Tuesday, August 18, 2009

The Triple Crown, the .400 Club, and the Greatest Year since 1941

There's been a lot of talk recently about Joe Mauer, including talk about his MVP case and his chances of finishing the season with a .400 batting average. In both cases, Pos and his Mauer Pauer series are leading proponents.

What hasn't been mentioned as often, though, is the possibility of Albert Pujols winning the Triple Crown this year. Granted, he's currently close behind Prince Fielder in the RBI category (105 to 107) and (fairly) significantly behind Hanley Ramirez in batting average (.325 to .356). But, with seven weeks left in the season, there's still plenty of time for those leaderboards to change.

Bill, over at The Daily Something, and David, from Baseball Musings, both took a look at the math to see what the real odds are. It's no surprise to learn that it isn't all that likely to happen because, let's face it, it never is. It might surprise you, though, to learn just how likely it really is. These are much better odds than most people ever have in mid-August. Bill and David did great work, and you really should give them a read to see what they determined.

So, with neither Pujols' shot at the Triple Crown nor Mauer's shot at .400 being laughably absurd, the question becomes, how fantastic would it be if both feats were achieved in the same season? When that question was brought up in the comments over at The Daily Something, I just about got chills.

With neither feat having been accomplished in over 40 years (with it being nearly 70 years for the .400 club), this would be one of the greatest seasons ever. In fact, if that were to happen, it'd battle with the 1941 season as the two greatest offensive seasons in baseball history. DiMaggio & Williams could even realistically be replaced with Mauer & Pujols. It would be remarkable. And then, when you consider that it'd be two Midwest teams making that kind of history, it'd be taken to a whole other level.

Now, clearly this is a pipe dream and it's nothing that we should realistically be entertaining until September 30. But the fact that we can even conceive of the chance in mid-August without laughing it away immediately is something to get excited about. I know what I'm rooting for the rest of the season.

4 comments:

Bill said...

You've got me all excited now.

Yeah, there's no real chance. But then, I'm pretty well convinced that either of these guys could hit 1.000 with 500 homers if they wanted to; they just have to take it a little easy because they don't want to be revealed as cyborgs, thrown out of the league and exhiled back to their home spacelab.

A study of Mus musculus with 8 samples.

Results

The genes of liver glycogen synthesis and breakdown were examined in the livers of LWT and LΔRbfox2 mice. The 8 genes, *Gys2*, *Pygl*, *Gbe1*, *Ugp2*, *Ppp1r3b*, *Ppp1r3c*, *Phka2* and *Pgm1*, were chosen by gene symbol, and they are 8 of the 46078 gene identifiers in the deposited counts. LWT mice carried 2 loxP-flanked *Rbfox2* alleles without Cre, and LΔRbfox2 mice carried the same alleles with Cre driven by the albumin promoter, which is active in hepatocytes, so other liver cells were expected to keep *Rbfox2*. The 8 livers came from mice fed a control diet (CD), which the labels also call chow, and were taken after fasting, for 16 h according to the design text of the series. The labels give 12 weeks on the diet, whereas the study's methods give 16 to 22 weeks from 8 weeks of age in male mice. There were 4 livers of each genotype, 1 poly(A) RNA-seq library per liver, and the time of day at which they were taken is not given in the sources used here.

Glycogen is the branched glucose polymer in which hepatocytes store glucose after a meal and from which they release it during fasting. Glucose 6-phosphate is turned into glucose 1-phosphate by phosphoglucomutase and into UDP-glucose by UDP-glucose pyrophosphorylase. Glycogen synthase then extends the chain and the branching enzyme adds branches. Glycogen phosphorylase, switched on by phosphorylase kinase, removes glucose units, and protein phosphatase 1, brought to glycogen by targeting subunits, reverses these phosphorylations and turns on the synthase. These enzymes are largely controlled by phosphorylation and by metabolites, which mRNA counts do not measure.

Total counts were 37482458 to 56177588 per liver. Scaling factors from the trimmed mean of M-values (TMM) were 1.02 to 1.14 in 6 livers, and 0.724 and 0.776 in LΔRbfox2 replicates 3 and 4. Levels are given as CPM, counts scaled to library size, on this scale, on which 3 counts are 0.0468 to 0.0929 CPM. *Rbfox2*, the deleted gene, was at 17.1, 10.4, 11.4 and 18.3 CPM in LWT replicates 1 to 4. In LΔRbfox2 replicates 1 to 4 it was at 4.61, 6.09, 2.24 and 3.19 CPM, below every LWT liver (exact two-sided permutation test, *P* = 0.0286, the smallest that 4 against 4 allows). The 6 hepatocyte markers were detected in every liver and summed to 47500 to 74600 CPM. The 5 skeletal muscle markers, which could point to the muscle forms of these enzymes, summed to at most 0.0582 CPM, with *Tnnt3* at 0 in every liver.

Cyril Morong said...

I blogged about this on July 4

http://cybermetric.blogspot.com/2009/07/albert-pujols-has-good-chance-to-win.html

Paul said...

I'm interested in what you meant when you wrote, "And then, when you consider that it'd be two Midwest teams making that kind of history, it'd be taken to a whole other level."

It seems to me that, if anything, the fact that Mauer and Pujols play for small and mid-market teams could actually diminish the perceptions of their feats, not enhance them. I'll bet most the country has no idea that Mauer and Pujols are chasing these historic acheivements precisely because they're in the mid-west. I follow baseball closely and though I knew both players were having great years I didn't realize either were having potentially historic years. Bet ESPN would already have a rundown on every at bat scrolling across the ticker if either player was from one of the major market clubs.

lar said...

Bill: hey man, you were the one that brought it up...

Cy: Thanks for that.

Paul: I guess I meant it from a different point of view. You're right in that, if Mauer and Pujols were on, say, the Sox and Mets right now, ESPN and everyone else would've been talking about this for weeks now and their every AB would lead Sportscenter.

What I meant was that it'd be a great shift from the past, focusing on the historical greatness of two Midwest players. If the next DiMaggio/Williams "rivalry" was truly in Missouri and Minnesota, it could help move the MLB magnifying glass a little more westward, and that would be good for everyone, I think. So maybe "a whole other level" was the wrong choice of words.

The '98 home run chase did this, I guess. But I think the Triple Crown and the .400 season would even trump that (and would definitely trump that when you consider that they're doing it in the wake of the steroids mess, and not in the thick of it). Maybe it's my Midwest bias, but I can't help but like this possibility many times more just because we're talking about the Twins and Cards and not the Yanks or Phils or Sox or whoever.